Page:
Lectionary index # 159

Twenty-second digests for the congregation: Arrange with your liturgy committee to have these brief historical introductions read to the assembly before you do each reading.

Who should announce these before the first and second readings, and before the gospel acclamation? They're not Scripture, nor homiletic, so they shouldn't be delivered from the ambo. They're a modest teaching. So let the presider say them from the chair. Let the lector turn toward the presider and listen.
Print this page, cut it at the blue lines, and give the introduction paragraphs to the person who will speak them.

Thirty-third Sunday of Ordinary Time, Year C, November 17, 2013
Before the first reading:

In a difficult time for ancient Israel, after their exile in Babylon, some complained that the wicked seem to get away with everything, and that there's no benefit to obeying the Lord. God's messenger Malachi assures them that the evildoers will get their due on the terrible "Day of the Lord."
Between psalm and second reading:

Some early Christians expected the Day of the Lord, in the form of the return in glory of the risen Jesus, to occur immediately. So they dropped all their responsibilities and made nuisances of themselves in the community. Paul corrects them, using his own behavior as an example.
Before the gospel acclamation:

At the time of the writing of Luke's gospel, there was already some persecution of the followers of Jesus, and speculation about the end of the world. The evangelist applies some of Jesus' sayings to these concerns.


The Historical and Literary Situation: After Judah returned from its exile in Babylon, the people and their leaders did not quickly rise to great levels of virtue. An anonymous prophet, who took the name Malachi (pronounce it MAL uh ki, with a short a in the first syllable, and long i in the third; it's Hebrew for "my messenger"), upbraided them for several abuses, such as religious impiety, cheating and marriage to pagans.

The author frequently uses this three-part structure: he gives an affirmation about God, then repeats an objection that the sinful people might make, then answers that objection.

Today's Verses in Detail:

Your Proclamation: As lector, you can do two things to convey the prophet's words authentically. One is to work up some indignation for your pronouncement of the burning of the wicked. Remember the context: You're not only criticizing the wicked, you're responding to the objection that it's useless to serve God, because the wicked seem to get away with everything. Well, nobody wants the wicked to prosper, not Malachi and not the slackers he's arguing with. Malachi wanted to show them that God really is going to go after the bad guys. Sound passionate about that. Your tone of voice should blaze like an oven.

The other thing you should do is change rhetorical gears abruptly, and speak the last sentence soothingly, since it's about God's comfort of those who do revere him.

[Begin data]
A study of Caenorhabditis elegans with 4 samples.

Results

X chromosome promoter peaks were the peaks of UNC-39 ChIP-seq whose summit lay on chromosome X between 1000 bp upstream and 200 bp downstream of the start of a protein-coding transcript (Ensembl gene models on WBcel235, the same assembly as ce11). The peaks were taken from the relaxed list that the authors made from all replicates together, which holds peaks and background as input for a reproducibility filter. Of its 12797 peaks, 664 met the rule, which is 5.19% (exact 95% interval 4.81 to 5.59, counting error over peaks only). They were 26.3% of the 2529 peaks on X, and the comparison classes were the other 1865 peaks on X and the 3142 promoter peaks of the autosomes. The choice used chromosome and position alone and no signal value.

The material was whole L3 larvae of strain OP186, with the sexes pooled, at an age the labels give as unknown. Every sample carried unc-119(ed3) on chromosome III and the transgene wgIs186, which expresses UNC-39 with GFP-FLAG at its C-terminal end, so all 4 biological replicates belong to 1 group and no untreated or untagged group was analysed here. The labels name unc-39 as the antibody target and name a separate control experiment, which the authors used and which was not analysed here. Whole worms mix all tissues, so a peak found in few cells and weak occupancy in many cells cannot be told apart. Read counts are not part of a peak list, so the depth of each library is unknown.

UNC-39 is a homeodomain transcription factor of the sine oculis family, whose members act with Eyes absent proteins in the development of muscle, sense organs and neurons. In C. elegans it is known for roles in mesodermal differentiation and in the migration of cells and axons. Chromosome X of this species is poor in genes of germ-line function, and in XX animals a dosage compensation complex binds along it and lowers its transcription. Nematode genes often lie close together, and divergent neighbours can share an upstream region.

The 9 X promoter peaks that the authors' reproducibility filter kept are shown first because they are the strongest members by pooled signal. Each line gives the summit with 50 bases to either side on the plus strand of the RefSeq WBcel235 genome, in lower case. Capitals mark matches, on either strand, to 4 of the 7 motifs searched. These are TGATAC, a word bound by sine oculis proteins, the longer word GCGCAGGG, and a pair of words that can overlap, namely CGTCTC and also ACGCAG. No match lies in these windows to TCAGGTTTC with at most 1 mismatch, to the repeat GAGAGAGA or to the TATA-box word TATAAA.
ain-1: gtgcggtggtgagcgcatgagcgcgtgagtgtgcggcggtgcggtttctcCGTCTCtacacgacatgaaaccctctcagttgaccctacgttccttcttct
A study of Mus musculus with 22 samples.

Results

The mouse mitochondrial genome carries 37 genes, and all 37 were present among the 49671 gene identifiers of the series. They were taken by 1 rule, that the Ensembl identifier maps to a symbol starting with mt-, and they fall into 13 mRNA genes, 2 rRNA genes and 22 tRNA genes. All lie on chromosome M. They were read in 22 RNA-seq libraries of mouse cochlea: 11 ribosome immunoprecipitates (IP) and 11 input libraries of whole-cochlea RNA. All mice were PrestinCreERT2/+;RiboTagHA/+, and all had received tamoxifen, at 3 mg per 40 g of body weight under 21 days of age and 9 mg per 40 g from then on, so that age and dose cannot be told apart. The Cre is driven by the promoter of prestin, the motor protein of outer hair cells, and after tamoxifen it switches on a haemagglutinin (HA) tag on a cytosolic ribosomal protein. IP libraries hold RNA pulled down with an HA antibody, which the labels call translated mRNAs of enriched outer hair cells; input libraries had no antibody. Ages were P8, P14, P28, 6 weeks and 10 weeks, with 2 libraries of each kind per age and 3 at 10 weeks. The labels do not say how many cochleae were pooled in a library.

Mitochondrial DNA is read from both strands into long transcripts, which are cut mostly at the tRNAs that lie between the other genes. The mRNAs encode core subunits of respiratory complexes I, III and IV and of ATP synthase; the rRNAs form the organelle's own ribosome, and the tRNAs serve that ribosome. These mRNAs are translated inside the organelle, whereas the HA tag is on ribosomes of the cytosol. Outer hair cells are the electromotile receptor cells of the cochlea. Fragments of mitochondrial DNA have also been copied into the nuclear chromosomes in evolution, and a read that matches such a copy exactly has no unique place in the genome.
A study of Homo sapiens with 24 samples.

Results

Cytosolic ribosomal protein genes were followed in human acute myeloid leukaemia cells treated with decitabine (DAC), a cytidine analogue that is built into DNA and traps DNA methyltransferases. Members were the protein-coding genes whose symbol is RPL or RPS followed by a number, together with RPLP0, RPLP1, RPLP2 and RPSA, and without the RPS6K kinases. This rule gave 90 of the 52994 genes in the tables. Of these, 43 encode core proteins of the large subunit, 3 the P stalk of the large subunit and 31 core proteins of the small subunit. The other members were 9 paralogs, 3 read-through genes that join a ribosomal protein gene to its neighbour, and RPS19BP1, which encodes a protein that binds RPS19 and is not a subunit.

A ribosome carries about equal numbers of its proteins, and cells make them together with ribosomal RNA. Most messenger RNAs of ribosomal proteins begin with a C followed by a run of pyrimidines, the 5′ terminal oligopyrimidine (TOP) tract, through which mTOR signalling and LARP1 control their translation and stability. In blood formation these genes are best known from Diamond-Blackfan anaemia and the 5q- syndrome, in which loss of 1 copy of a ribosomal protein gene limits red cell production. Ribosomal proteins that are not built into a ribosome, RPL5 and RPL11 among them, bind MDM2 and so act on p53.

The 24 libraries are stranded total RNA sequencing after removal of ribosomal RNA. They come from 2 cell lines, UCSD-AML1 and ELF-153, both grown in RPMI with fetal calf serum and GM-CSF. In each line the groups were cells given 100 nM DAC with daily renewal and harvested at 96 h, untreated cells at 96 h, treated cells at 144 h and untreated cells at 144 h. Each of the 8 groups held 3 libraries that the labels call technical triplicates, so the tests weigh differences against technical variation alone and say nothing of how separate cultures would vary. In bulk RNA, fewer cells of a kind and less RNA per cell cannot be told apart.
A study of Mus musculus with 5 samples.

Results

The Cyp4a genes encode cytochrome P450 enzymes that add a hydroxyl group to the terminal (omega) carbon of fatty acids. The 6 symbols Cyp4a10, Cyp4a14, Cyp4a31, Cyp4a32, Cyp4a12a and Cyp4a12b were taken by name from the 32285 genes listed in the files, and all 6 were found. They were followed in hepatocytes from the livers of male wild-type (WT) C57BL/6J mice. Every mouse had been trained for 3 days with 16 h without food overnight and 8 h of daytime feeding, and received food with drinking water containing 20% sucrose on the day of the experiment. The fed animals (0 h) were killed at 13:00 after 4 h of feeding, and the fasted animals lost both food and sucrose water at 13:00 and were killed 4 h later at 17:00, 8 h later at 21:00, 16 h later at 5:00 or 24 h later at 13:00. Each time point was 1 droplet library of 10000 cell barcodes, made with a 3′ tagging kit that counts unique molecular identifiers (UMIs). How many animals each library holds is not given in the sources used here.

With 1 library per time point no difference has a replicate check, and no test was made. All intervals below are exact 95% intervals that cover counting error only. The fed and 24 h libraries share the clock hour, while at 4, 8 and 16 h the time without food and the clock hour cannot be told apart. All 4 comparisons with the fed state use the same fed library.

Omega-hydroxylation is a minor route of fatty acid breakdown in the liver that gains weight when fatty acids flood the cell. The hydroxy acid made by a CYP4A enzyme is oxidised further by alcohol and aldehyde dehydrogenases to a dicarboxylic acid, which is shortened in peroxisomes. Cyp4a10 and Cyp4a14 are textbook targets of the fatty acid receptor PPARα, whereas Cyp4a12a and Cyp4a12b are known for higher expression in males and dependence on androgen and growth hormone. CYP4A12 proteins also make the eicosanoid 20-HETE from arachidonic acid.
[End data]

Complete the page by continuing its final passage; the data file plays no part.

Second Reading, 2 Thessalonians 3:7-12 [Jerusalem Bible translation]

The Historical Situation: Remember that the earliest Christians expected Jesus to come again in glory soon, bringing history to its climax, judging the living and the dead. Some among the Thessalonians responded to this prospect by abandoning their customary work. Saint Paul had never instructed them to do so, especially not by example.

Here he corrects them, appealing first to his own example. (At the end of liturgical year A, we heard Paul do the same thing in another letter to the same congregation. He seems to have wanted to distinguish his ministry and the value of his message from those of other itinerant preachers.)

Your Proclamation: Try to speak this as if you were Saint Paul speaking in person, not by letter. You're talking to people you love, but some of them have, as we say, gone off the deep end. Their spiritual leader needs to sound firm and convincing.

Links may be incomplete more than a few weeks before the "due date."
Father Roger Karban of Belleville, Illinois, USA, writes a newspaper column about every Sunday's readings. Here are his essays for today's passages, from: courtesy of The Evangelist, official publication of the Roman Catholic Diocese of Albany, New York, or of The Belleville Messenger, of the Diocese of Belleville.

Read all of Father Karban's recent columns here, at the site of FOSIL, the Faithful of Southern Illinois.

Saint Louis University's excellent new liturgy site

(Caveat lector. As of September 30, 2013, Lector's Notes' author is speculating about the exact URL of SLU's offering, since it's not yet posted. If you get a 404 Not Found, try here).

Lutheran pastor and college teacher Dan Nelson's notes for a study group
Dan covers a different selection from Malachi.
The Text This Week; links to homilies, art works, movies and other resources on the week's scripture themes Column of Father Francis X. Cleary, S.J., from 2001, on today's gospel. (Log in using 0026437 and 63137.)

The Lectionary selections in the frame at the left, if any, are there for your convenience. The publishers of the page in that frame have no connection, except for membership in the one Body of Christ, with the publisher of this page. Likewise the publishers of the pages on the links above.